September/October 2013

Squash - Multi-Coloured Delights

High Blood Pressure – Its Causes and How to Treat it Naturally

GMO OMG - A Controversial Foodie Doc to Hit Theatres September 13, 2013

Permaculture Internship at Prairie Permaculture

The Essential Questions - An Interview with Gregg Braden

Partner Enrichment – Nurturing Love

The Universal Flag Peace Movement

The Voice of the Poet


The Voice of the Poet
by Donald Sutherland

Henry Beissel was born in Cologne, Germany, in 1929. As a boy in WW2, he witnessed the relentless bombing and destruction of much of his beautiful city. He emerged from the rubble to become a poet, author, playwright, and Professor of English at Concordia University in Montreal. In Humanist Perspectives, Issue 183, Winter 2012–13, he had this to say about a poet’s voice: “Today, when commercialization is poisoning the space in which the arts can flourish, poetry also has a political function to be the conscience of our tribe by bearing witness in truth to the corruption of civil society and challenging our humanity to come into its own.”

Our culture is awash in relentless noise, all too successful in turning us into ravenous consumers of professional sports, big box store specials, and celebrity weddings and scandals. Our attention span is usually too short to partake of “slow paced” activities such as meditation, self-examination, yoga, or dare I say, poetry. Yes, poetry.

For the past two years, I have been captivated by the singing of Idrissa Turay at the Forks in Winnipeg, Manitoba. He agreed to an interview. I will share a summary of Idrissa’s rich background. He was born in Sierra Leone, West Africa, into a family of ten children. He was the only son. His father had four wives. The youngest was his mother with whom he still has a close relationship. Some years were spent as a refugee in Guinea. The Revolutionary United Front (RUF) took possession of the diamond mines and used the proceeds to finance a brutal ten-year civil war which resulted in approximately 120,000 deaths and two million people displaced before it finally ended in 2,000. The RUF made widespread use of limb amputation, rape, and child soldiers to terrorize, butcher, and maim.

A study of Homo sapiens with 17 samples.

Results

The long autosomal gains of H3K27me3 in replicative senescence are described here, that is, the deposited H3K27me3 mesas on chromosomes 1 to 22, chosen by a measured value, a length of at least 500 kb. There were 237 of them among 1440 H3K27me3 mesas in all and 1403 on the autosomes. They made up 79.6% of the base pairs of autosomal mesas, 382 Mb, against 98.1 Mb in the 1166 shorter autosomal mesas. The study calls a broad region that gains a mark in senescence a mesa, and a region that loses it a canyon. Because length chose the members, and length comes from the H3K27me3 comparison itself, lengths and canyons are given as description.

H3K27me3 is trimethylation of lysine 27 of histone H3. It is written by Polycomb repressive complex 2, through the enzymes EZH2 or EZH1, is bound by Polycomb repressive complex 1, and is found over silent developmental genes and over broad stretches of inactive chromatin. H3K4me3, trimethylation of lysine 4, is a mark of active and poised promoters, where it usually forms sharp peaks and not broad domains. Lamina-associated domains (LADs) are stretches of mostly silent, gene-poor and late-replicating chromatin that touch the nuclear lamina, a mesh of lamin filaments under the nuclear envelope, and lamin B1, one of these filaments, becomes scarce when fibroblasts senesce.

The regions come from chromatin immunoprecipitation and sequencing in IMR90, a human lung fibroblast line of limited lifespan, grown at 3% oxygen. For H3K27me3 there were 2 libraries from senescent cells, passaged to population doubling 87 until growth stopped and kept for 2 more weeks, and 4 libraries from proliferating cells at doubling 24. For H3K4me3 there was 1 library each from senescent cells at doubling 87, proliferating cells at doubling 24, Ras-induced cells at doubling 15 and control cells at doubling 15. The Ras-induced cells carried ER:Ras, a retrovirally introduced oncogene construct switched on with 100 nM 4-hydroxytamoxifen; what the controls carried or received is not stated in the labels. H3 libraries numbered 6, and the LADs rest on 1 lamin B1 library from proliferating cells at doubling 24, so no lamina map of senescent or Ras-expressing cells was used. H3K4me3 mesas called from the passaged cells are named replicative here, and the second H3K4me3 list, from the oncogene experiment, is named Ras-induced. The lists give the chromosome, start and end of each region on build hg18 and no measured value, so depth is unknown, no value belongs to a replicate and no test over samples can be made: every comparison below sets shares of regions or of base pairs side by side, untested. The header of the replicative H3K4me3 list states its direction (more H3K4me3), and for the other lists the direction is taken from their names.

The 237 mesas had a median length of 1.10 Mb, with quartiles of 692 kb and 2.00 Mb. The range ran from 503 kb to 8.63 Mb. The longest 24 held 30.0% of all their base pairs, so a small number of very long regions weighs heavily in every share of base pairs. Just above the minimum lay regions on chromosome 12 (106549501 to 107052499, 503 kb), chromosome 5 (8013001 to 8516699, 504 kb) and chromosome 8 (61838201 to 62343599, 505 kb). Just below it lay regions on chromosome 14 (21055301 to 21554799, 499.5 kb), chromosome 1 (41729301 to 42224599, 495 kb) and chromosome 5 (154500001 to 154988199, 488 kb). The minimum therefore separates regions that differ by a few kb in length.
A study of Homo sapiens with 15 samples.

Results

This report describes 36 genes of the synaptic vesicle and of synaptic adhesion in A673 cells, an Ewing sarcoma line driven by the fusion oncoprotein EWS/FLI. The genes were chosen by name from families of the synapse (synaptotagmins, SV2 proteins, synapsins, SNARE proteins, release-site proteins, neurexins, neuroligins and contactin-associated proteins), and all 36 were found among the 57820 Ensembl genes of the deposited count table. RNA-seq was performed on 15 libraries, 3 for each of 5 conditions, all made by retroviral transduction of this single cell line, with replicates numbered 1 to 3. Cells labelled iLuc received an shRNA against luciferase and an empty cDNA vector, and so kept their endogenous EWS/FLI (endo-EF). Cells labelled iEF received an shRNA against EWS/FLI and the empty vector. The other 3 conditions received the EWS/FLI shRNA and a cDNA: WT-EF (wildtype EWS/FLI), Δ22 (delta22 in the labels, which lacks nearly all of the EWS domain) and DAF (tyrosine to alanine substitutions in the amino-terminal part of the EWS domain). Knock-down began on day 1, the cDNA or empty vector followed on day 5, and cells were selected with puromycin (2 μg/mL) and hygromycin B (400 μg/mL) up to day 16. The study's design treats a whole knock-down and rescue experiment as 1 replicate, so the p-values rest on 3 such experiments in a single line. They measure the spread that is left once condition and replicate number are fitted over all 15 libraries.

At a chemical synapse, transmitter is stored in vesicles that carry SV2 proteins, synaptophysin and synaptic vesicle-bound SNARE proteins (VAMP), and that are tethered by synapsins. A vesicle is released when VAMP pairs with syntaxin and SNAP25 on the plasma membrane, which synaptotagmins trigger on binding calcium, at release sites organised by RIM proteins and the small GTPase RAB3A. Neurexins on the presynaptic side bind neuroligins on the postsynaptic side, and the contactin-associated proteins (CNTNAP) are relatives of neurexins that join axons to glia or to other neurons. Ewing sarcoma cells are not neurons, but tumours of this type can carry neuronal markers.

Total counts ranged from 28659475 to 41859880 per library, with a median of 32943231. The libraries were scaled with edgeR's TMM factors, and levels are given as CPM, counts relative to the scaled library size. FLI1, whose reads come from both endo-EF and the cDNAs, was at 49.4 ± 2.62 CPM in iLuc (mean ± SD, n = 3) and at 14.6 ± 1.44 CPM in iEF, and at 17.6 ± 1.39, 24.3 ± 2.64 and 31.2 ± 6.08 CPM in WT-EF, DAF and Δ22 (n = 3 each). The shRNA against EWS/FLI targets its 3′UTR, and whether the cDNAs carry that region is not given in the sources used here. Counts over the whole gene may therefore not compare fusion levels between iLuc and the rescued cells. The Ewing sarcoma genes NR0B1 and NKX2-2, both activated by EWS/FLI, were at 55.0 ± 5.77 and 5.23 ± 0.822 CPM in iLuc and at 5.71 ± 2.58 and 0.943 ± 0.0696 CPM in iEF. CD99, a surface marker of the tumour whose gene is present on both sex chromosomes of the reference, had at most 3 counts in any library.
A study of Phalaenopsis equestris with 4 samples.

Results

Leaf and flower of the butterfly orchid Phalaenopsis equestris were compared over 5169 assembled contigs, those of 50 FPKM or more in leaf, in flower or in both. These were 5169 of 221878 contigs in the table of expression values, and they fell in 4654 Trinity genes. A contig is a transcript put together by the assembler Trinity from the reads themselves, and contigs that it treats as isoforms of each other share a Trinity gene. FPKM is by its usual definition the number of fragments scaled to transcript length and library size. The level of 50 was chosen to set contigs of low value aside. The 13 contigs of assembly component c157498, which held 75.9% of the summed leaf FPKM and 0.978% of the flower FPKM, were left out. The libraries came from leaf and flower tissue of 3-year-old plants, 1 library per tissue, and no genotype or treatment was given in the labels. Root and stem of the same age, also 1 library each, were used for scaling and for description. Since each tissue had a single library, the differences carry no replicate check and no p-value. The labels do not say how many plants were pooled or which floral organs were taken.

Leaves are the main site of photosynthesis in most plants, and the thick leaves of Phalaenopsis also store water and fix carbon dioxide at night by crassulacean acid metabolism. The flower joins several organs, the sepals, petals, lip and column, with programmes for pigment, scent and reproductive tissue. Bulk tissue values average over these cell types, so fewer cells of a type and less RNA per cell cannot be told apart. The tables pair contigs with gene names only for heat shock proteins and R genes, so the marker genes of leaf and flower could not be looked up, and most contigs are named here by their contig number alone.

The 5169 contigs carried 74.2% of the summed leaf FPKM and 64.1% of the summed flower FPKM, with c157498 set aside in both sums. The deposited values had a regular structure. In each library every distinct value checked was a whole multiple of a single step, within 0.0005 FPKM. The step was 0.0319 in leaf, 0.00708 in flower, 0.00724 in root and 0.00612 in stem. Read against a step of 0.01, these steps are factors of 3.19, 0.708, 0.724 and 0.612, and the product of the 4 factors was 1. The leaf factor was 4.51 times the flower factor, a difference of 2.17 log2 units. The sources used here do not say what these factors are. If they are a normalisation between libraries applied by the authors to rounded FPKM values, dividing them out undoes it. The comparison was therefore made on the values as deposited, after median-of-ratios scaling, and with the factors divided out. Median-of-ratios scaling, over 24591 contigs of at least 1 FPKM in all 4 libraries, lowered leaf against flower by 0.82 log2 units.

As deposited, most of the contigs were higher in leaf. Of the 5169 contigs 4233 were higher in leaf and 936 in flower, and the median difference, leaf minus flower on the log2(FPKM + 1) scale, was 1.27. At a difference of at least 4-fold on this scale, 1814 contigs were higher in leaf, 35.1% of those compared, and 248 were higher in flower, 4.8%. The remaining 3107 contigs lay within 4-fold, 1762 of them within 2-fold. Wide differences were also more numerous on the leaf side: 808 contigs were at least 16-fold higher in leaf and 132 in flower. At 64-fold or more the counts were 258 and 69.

With the sponsorship of a niece, Idrissa arrived in Winnipeg in 2001 and took a day job in a jean factory and a night janitor job. On weekends, he began to play guitar and sing in a band. He now has his own band called Idrissa and the Peace Makers. Five years ago he began singing at the Forks, which he combines with driving a school bus. I asked him to talk about why he puts such energy into his craft.

“I am always writing songs. Once I get it, I put it on paper. Mostly, I compose love songs. I sing about crises, wars, and love. Singing means everything to me. Here is my soul. Music is central to my life. It’s like therapy for me. The way people respond to my music and poetry in the form of songs fills my days with joy. My wife, Tracy, is my editor, my support, my guide, my intimate. She is the brains in our relationship. All I know is poetry, singing, and music. Both my wife and I live frugally so we can help my mother in Sierra Leone, where she does all she can to help poverty stricken children go to school.”

Reprinted courtesy of Earthcare Connections, PO Box 1790, Wynyard, SK S0A 4T0. Phone (306) 554-LAND, email: info@earthcare.ca, www.earthcare.ca. Donald Sutherland is a conflict resolution consultant and career counsellor living in Winnipeg, Manitoba.